With an e-book recently released and a dead tree scroll due out in a few months, promotion has been on my mind. Unfortunately, it has been almost exclusively self-promotion, which always makes me feel a little like a politician, which is to say, unclean. I spend a lot more time reading other people’s stuff than writing my own—with good reason—so it’s time to give credit where it’s due.
Patti Abbott is hard to keep up with because she’s everywhere. Her most recent efforts include, “Floes the Ice” in Shotgun Honey, as well as “Won’t You Pardon Me?” in Plots With Guns. Her novel in stories, Home Invasion, currently has a five-star rating and is available for Kindle for $0.99. Her blog, Pattinase, covers topics from forgotten books to good things to say about Detroit to music to television, films, and whatever else comes to mind. I stop by several times a day.
Paul Brazill never sleeps. In addition to posting daily on his fine blog, You Would Say That, Wouldn’t You? he released two books in July, which is allegedly a vacation month. A Knife and a Quill says of Gumshoe, “The adventures of this PI feel like they rolled out of a Tom Waits song.” Of his newest, Guns of Brixton, Out Of the Gutter Online says, “Brazill has a knack for larger-than-life characters, tar-black humor, and sharp plots, and Guns of Brixton offers a great deal of all that.” McVoices has nominated Death on a Hot Afternoon as Alternative Crime Book of the Year.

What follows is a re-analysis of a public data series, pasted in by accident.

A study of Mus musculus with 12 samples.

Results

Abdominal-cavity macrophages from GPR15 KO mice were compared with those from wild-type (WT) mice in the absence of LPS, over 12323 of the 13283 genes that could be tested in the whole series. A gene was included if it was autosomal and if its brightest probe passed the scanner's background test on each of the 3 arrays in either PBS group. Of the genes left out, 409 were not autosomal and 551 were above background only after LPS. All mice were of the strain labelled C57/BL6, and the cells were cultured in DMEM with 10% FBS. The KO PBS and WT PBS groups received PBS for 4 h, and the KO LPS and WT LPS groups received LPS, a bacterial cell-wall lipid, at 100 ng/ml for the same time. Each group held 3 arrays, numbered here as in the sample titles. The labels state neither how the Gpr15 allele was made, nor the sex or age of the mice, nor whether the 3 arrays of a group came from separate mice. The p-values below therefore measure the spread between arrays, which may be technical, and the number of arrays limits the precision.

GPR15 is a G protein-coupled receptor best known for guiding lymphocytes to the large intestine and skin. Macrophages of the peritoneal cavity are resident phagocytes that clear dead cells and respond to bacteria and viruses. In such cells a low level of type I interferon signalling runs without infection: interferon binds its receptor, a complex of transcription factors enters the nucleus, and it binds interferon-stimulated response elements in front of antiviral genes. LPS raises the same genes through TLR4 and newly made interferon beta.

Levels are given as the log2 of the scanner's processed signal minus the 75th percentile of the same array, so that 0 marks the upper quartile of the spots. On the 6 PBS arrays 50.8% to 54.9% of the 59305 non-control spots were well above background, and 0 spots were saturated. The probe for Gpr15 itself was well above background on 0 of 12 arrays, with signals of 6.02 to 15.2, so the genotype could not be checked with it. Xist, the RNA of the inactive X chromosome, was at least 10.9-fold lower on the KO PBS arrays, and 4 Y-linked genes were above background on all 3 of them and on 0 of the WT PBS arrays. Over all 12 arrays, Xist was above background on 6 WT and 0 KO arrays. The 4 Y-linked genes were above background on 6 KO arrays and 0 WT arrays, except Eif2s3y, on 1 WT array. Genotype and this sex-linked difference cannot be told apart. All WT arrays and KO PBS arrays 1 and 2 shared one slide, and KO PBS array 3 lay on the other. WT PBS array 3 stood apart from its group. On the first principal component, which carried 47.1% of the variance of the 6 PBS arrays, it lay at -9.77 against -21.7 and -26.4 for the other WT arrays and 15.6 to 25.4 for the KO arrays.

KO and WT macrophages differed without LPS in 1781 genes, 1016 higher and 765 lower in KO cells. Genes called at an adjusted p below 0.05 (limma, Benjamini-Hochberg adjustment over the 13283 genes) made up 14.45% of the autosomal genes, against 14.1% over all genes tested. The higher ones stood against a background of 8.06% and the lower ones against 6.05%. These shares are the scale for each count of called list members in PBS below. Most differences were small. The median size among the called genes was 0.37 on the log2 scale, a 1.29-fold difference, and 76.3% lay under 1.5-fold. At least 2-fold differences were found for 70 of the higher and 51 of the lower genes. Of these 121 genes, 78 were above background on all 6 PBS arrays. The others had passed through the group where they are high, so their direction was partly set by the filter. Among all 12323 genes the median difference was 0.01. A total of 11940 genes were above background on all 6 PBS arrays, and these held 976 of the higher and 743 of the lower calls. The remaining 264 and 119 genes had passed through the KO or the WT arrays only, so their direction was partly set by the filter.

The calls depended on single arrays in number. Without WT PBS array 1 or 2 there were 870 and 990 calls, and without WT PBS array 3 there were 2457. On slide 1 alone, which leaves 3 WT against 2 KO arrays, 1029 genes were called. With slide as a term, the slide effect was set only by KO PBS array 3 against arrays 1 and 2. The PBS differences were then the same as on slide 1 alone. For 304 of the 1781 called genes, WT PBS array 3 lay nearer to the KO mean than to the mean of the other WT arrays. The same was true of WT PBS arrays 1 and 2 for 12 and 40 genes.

Gerard Brennan is about as busy as Patti and Paul. (I’m sensing a pattern here and feeling like a bit of a piker as I do so.) He has a couple of new novellas vying for public attention. I read Welcome to the Octagon yesterday and kept thinking of what a good movie this story of a MMA fighter and single father would make, partly because it has a perfect plot for a movie, and for how well the descriptions of the fights put me on the inside. His newest, Wee Danny, is picking up good reviews faster than I can find links for them all. Save yourself some trouble and just get a copy.
Jochem van der Steen has a different perspective on private investigators. Noah Milano is the scion of a Mafia family who tries to make amends by becoming a straight PI, which isn’t always as easy as Noah would like it to be. Primarily a series of “novelettes,” Jochem’s treatment of what many would call a uniquely American genre proves those who would say that are nuts. I read and enjoyed Scoundrel and Redemption a lot; Noah’s newest is the novella, Guilt. Anyone wishing to keep up with what’s going on in Pi fiction should take a look at Jochem’s blog, Sons of Spade.
Steve Weddle is co-creator of Needle Magazine, as well as my favorite writing blog, Do Some Damage. Steve has been posting kick-ass short fiction all over the place for quite a while, and his first novel, Country Hardball is available for pre-order. There will be more on this one as the date approaches.
Jim Winter writes the Nick Kepler series of detective stories, set in Cleveland. (And I still read them; that’s how good they are.) His collection of short stories, The Compleat Kepler, does a superb job of universe building, showing Kepler in multiple situations. His newest novel, Bad Religion, starts out as the story of a shady preacher, but drags Kepler into a whole lot more.
There are others to catch up with; stay tuned.